Disney Store at Westfield Century City in Los Angeles – 2017 Prototype | Source: Disney

Mickey Mouse and friends are heading out of the mall.

The Walt Disney Co. revealed plans to accelerate its focus on building its digital retail business amid a plan to “significantly reduce its brick-and-mortar footprint.”

In a statement issued on Wednesday afternoon, the company said that it plans to close at least 60 stores in North America this year as it revamps its shopDisney platform to provide a wider range of products spanning the company’s vast portfolio of intellectual property (IP) and creates a more seamless connection to the Disney Parks apps and social media channels.

“While consumer behavior has shifted toward online shopping, the global pandemic has changed what consumers expect from a retailer,” says Stephanie Young, president, Disney consumer products, games, and publishing. “Over the past few years, we’ve been focused on meeting consumers where they are already spending their time, such as the expansion of Disney store shop-in-shops around the world. We now plan to create a more flexible, interconnected e-commerce experience that gives consumers easy access to unique, high-quality products across all our franchises.”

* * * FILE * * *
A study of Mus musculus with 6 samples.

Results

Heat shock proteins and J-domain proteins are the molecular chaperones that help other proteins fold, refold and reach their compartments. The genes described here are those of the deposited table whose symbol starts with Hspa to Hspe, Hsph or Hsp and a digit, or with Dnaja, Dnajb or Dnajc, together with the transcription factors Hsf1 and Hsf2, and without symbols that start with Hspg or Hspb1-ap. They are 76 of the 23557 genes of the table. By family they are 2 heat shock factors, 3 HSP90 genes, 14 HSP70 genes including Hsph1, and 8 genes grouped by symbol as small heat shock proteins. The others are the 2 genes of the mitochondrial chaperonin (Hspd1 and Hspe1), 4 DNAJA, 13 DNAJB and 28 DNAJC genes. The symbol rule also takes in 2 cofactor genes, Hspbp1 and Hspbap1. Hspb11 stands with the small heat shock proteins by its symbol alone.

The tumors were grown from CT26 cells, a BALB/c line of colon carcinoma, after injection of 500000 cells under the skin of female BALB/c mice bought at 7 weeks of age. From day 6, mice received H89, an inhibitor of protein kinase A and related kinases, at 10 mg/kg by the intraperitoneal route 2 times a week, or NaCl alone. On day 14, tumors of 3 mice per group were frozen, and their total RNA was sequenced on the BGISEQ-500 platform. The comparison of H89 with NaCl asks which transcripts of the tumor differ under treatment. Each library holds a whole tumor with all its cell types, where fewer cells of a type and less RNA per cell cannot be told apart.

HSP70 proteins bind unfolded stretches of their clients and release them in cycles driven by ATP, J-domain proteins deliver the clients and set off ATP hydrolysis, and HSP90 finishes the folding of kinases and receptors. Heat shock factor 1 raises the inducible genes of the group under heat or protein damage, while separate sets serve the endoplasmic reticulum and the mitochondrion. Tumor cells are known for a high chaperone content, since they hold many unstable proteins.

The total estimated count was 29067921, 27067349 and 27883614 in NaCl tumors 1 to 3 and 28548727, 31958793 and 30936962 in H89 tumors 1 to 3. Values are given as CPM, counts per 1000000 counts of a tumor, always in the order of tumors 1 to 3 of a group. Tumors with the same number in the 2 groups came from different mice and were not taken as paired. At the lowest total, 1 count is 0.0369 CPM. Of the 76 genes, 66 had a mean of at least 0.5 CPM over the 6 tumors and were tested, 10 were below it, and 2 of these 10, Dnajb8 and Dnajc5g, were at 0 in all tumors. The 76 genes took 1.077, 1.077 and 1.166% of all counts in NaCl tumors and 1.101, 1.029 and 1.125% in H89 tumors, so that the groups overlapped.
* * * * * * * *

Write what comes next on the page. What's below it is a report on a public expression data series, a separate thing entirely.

Disney Store at Target

A Disney Store at Target | Source: Target Corp.

Despite the fall in foot traffic for Disney’s mall-based stores, its partnership with Target appears to be growing. The company opened 25 Disney Store shop-in-shop locations in 2019 and that footprint has more than doubled over the past year. As of last fall, Disney Store in Target expanded to 53 locations and a digital footprint at target.com.

Disney says that its expanded assortment of new product offerings this year will extend further into the adult market with “new and elevated” merchandise, including apparel collections, artist collaborations, streetwear, premium home products, and collectibles.

No word yet on which Disney Store locations will be closing or the timeline for their liquidation sales.